National Institute of Academic Anaesthesia
The College is one of the four founding partners of the NIAA
Through the National Institute of Academic Anaesthesia (NIAA), the College engages with our colleagues and partners to fund, develop and deliver world-class research in anaesthesia and perioperative care. The NIAA is unique in academic medicine and an internationally admired model of specialty cooperation in bench-to-bedside research.
The NIAA was established in 2008 by the Royal College of Anaesthetists, the Association of Anaesthetists and the journals Anaesthesia and the British Journal of Anaesthesia. In addition to these four founding partners, the NIAA encompasses numerous anaesthetic specialist societies. The College is responsible for the governance and finances of the National Institute of Academic Anaesthesia.
The NIAA's vision is to improve the health of patients and the public through research and innovation. Its mission is to promote, support and deliver world-class biomedical and health research in anaesthesia, perioperative and pain medicine. Its strategic aims are:
- to develop high quality collaborative research through the UK Perioperative Medicine Clinical Trials Network (POMCTN)
- to develop and promote trainee involvement in national and regional research, audit and quality improvement
- to award NIAA grant funding to research and researchers of the highest quality based on NIAA vision and mission
- to facilitate increased funding for and strategically invest in national health priority areas as defined by patients, public and the professions.
Through effective partnership working the NIAA has developed a model process for the distribution of research funding across the profession, provides support for trainees and works closely with Military Anaesthesia and Critical Care. See below for the NIAA's Strategy for 2015-2020.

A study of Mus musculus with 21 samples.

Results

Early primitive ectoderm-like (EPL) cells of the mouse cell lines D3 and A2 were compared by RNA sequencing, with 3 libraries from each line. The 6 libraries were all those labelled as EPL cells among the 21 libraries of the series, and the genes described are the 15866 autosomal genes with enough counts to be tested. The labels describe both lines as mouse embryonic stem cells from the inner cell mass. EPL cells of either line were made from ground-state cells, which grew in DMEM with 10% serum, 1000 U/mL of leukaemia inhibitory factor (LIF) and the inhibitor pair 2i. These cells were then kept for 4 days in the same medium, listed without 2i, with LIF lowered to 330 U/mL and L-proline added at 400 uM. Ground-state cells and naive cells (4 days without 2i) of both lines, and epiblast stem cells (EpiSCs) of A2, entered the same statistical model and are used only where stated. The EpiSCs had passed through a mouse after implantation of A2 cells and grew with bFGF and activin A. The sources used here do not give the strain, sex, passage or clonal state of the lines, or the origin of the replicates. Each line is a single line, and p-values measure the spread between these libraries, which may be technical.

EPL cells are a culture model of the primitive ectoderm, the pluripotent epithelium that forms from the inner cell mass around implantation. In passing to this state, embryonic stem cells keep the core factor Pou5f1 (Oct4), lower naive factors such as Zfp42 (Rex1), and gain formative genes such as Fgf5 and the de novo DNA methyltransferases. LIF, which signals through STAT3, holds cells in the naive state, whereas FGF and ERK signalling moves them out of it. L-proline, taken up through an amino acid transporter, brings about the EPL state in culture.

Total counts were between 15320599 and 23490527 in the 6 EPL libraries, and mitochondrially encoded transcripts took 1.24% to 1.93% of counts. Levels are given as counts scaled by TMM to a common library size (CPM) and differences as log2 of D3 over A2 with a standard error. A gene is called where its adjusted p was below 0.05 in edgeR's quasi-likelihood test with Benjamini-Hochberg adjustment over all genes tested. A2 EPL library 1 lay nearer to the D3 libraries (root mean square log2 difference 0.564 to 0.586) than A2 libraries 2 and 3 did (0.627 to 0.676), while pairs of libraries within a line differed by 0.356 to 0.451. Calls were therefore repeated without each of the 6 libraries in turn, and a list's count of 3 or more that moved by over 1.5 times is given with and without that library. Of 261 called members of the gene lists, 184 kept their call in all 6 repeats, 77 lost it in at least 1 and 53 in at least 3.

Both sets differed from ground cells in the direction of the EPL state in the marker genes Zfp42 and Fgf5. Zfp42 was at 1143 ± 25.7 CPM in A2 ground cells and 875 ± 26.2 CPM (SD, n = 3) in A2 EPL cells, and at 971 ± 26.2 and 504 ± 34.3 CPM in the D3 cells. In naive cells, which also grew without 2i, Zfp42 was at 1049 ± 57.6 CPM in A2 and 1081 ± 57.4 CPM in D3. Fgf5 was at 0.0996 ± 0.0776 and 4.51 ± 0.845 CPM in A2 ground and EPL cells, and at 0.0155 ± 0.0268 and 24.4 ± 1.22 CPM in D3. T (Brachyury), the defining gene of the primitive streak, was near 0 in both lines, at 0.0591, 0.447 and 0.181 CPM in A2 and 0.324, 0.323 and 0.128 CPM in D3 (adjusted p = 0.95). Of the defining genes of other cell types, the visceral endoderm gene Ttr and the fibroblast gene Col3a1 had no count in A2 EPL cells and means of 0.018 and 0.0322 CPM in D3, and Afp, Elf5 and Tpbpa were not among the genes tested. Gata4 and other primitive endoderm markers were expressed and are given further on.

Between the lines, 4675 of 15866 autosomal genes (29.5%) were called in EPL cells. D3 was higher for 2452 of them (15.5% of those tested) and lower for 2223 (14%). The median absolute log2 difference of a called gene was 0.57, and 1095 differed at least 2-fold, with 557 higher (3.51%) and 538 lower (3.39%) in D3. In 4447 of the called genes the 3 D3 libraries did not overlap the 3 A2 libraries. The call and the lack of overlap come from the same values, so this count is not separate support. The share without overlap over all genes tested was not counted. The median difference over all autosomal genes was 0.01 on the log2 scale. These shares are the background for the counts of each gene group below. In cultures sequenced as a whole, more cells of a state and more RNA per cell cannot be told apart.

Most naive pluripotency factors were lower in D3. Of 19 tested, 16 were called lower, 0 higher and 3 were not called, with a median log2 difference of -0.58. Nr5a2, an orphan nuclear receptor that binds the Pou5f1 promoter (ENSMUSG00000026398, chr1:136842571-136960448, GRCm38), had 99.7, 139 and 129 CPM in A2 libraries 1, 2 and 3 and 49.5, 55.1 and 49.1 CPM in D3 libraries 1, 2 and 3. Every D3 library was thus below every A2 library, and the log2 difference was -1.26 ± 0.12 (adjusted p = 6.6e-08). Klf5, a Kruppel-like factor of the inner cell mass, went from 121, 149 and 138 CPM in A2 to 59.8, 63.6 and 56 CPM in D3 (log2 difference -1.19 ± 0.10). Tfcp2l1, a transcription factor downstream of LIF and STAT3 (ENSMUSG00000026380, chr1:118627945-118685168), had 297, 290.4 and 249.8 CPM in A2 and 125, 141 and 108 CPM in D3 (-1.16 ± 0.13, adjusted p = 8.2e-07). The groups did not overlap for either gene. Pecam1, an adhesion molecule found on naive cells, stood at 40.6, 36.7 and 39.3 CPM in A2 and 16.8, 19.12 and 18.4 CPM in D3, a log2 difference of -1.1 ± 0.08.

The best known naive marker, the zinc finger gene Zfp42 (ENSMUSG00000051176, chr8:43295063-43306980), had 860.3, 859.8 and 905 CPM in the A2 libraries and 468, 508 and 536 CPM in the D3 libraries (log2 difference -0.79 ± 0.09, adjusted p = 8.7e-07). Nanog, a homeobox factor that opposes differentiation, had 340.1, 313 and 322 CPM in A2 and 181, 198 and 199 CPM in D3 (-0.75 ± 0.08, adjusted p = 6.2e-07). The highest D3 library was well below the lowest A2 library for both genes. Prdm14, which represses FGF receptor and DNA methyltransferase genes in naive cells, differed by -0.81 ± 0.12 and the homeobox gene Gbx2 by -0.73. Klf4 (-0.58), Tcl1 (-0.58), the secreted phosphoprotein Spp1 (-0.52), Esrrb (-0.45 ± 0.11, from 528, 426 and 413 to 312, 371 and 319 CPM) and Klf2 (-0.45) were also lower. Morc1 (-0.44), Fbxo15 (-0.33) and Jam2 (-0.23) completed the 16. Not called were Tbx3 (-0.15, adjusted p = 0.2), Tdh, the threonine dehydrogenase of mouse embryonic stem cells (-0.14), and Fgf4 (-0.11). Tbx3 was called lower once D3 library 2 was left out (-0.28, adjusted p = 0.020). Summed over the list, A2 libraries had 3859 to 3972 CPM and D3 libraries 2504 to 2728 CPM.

Along with the other founding partners and the specialist societies, the RCoA provides funding for the biannual NIAA Grant Rounds. The specific grants available can change for each round and are advertised on the NIAA website.
NIAA grants are aimed at assisting researchers at all stages of their careers:
- Undergraduate: John Snow intercalated BSc Award
- Doctoral: PhD Studentships; small education/travel grants
- Established researchers: Project Grants (clinical and non-clinical)
- Senior academic awards: Fellowships (clinical and non-clinical); BOC Chair.
For the most up to date information, visit the Current Funding Opportunities page on the NIAA website.
The NIAA publishes regular Comprehensive Reviews to report on our development and the progress of NIAA-funded research initiatives.
You can also click below to read the current NIAA Strategy, which runs from 2015-20.
There are further NIAA-related publications, pertaining specifically to training in academic anaesthesia, on the Academic Training page.
NIAA Review 2008-11
The first ever Comprehensive
Review includes a foreword from HRH The Princess Royal
NIAA Review 2012-13
Covering NIAA developments from 2013-14 including the research Priority Setting Partnership
NIAA Review 2016-18
Special 10-year review looking back at the NIAA's first decade as well as more recent initiatives
For our specialty, it is a matter of great pride that NIAA is now uniquely placed nationally and internationally to be the most influential and dynamic organisation of UK academic anaesthesia aiming to make meaningful differences to patients’ lives worldwide by supporting research and quality improvement.
Would you like to know more about the NIAA?
For more information on the activities of the National Institute of Academic Anaesthesia, including details of forthcoming grant opportunities, please visit the NIAA website.
NIAA Founding Partners
Mike is the Professor of Anaesthesia and Critical Care Medicine at the University of Southampton and a consultant in Critical Care Medicine at University Hospitals Southampton NHS Foundation Trust. Mike is also Vice President of the Royal College of Anaesthetists, leads the Xtreme Everest program of hypoxia research and is head of the Respiratory Critical Care Research Area within the UHS/UoS NIHR Biomedical Research Unit. His research interests include human adaptation to hypoxia, measuring and improving outcome following surgery, exercise physiology and fluid therapy. He was recruited to the role of NIAA Board Chair in May 2018.